In Cleveland, Ohio, 3,000 children entered private schools this fall in the second year of a publicly-financed voucher program. Fifty-seven schools are participating, including Hope Central Academy where principal William Morris says, "For the first time in decades, inner city education is coming alive with new options and real progress."
Last April, Arizona enacted a law that permits tax credits of up to $500 for anyone contributing to charitable groups that provide scholarships for students to attend private schools. In June, by an overwhelming vote, Minnesota greatly expanded its program of tax credits for educational expenses, including private school tuition.
Ohio, Arizona and Minnesota are leaders among a growing number of states that are speeding past Michigan in the race to improve education. Whether it be by vouchers or tuition tax credits, legislatures are moving to enact innovations that introduce competition and enhance parental choice. Meanwhile, Michigan children are blocked from enjoying similar reforms by a 1970 amendment to the state’s constitution—arguably the most repressive, anti-choice provision of any state constitution in America.
Article VIII, Section 2 of the Michigan Constitution outlaws any "payment, credit, tax benefit, exemption or deduction, tuition voucher, subsidy, grant or loan of public monies or property . . . to support the attendance of any student" at any nonpublic school. This airtight ban prevents the government from writing checks directly to private schools, which assures the separation of church and state and minimizes the danger of government intrusion into private education. But by forbidding even a small tax credit for nonpublic school parents, it unfairly forces those parents to pay for their children’s education twice and to subsidize a public system they’ve chosen to escape. Oddly enough, Michigan allows a modest tax credit for private or public college tuition, while the state constitution bans anything similar for K-12 education!
Nonpublic school parents are not only doing what they regard as best for their children; they are saving Michigan taxpayers almost $1.5 billion this year. That’s how much the state would have to raise taxes if all those parents pulled their 240,000 children from private and home schools and enrolled them in the public system.
Moreover, Article VIII, Section 2 is unfair to every Michigan child because it stifles the healthy forces of competition that are transforming and improving virtually every other aspect of modern life. Impeding competition serves unions, bureaucracy, and those who enjoy the material benefits of monopoly, but it removes incentives for quality, efficiency, and accountability. If the purpose of education is to prepare children for the future, Michigan’s constitution must change.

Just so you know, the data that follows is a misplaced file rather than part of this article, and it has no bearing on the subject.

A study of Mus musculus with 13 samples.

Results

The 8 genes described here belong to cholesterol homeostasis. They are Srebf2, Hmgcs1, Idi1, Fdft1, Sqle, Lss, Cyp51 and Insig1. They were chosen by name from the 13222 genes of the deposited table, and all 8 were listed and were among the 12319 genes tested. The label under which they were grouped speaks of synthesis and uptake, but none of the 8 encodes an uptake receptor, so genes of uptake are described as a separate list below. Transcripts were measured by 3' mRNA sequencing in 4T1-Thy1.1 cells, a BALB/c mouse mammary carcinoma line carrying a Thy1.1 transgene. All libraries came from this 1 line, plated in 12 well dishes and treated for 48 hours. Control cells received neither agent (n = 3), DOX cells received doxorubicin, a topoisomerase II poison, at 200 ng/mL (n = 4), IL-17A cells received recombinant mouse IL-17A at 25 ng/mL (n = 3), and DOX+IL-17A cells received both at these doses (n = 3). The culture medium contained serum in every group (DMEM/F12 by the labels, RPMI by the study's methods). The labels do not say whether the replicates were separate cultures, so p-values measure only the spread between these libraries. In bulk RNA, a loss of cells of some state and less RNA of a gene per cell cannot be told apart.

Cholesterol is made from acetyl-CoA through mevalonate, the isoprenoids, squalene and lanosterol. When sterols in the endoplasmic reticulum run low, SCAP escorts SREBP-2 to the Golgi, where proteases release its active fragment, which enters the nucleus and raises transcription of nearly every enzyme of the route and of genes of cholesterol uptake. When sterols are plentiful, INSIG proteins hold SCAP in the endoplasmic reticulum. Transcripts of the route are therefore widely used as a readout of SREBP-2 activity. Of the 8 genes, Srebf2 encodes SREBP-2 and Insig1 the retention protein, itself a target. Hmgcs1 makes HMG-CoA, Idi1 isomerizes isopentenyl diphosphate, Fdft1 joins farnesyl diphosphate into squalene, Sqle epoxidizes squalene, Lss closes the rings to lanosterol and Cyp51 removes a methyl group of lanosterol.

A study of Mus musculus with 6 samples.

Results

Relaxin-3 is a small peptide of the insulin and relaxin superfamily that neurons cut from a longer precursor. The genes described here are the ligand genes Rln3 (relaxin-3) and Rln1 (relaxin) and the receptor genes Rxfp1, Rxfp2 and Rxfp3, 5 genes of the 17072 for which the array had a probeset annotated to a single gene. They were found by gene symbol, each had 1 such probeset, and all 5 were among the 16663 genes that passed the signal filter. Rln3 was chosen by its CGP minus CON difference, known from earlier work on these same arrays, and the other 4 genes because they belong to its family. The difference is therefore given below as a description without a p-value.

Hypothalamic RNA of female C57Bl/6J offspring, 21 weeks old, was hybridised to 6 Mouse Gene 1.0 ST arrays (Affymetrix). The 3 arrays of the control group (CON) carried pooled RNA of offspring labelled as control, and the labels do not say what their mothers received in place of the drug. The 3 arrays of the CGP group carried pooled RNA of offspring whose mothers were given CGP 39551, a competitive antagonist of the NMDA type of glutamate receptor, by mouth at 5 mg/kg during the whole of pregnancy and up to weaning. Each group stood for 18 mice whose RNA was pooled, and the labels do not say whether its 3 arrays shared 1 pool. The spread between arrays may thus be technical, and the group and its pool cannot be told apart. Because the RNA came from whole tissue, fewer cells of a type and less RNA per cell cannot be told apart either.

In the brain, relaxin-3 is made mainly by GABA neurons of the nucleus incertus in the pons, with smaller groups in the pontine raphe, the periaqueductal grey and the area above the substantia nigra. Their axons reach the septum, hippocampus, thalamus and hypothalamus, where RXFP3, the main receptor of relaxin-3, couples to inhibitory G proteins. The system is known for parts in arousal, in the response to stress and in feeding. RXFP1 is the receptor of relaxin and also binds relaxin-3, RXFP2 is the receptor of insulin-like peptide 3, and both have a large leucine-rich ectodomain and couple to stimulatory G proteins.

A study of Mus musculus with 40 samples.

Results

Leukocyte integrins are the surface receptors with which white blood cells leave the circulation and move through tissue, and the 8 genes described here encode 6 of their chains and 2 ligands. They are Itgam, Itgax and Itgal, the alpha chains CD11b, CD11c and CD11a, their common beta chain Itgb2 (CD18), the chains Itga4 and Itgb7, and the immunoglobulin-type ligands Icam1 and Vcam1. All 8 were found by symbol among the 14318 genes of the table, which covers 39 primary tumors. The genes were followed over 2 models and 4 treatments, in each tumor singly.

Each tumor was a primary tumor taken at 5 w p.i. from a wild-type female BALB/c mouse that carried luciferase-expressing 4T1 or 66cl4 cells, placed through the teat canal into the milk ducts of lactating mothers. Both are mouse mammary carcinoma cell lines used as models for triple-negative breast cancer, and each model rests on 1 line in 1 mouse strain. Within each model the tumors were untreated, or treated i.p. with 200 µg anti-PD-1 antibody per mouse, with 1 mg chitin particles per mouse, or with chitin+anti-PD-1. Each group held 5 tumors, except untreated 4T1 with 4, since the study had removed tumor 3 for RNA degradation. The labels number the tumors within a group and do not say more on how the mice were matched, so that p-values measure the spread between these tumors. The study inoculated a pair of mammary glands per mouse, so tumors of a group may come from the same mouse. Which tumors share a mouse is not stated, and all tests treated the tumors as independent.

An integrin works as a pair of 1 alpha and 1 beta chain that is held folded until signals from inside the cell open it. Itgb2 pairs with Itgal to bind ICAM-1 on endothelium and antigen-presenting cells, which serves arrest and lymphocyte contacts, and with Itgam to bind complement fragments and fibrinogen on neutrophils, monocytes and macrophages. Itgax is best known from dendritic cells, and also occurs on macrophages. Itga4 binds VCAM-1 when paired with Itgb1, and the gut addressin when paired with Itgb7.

The broad outlines of the most prudent constitutional change are these: The state’s prohibition against direct aid to private schools should remain. Parents who are already making education a priority by their personal, private choices should be encouraged, not penalized. Other citizens who want Michigan children to have the most options and the best opportunities must be stimulated to get directly involved. And barriers to better education for poor children should be removed.
Vouchers, though a likely improvement over the present system, are not the best way to accomplish these things because they invite greater government control over private education. They also would prompt many parents to raise this legitimate objection to their use by private school parents: "Some of my money is going to send your child to a religious school."
The best route for educational improvement in Michigan is to permit tuition tax credits—not just for parents who send their children to an alternative school, but for anyone (including friends, relatives, and businesses) who contributes toward the tuition of any child attending any school that charges tuition, public or private. A plan that would bring this about is now on the table for public debate and is known as the Mackinac Center for Public Policy’s Universal Tuition Tax Credit (UTTC).
The UTTC is "universal" because it would apply to any elementary or secondary student towards tuition paid to any public or private "alternative" school in Michigan, including a public school outside a child’s intermediate district which charges his parents tuition. It would be applicable against the personal income tax, the Single Business Tax, or the 6-mill statewide property tax and could be used by any state taxpayer—individual or business—that pays tuition for a Michigan student to attend an alternative school. It is capped at 50 percent of the state’s per pupil expenditure (currently about $5,600).
Phased in over nine years, the UTTC would actually save the state hundreds of millions of dollars, which could be used to boost school funding or returned to the taxpayers in tax cuts. If it were fully operational right now, for instance, every child who opted out of the more expensive traditional public system for a less expensive alternative school would save the state $5,600 in expenditures, while costing the state no more than 50 percent of that, for a net savings of $2,800.
Innovative concepts like the UTTC are cropping up in other states which don’t have draconian prohibitions against educational choice and competition. It’s time to start asking why Michigan’s constitution should continue to thwart the kind of reform that can make a real difference in the lives of our children.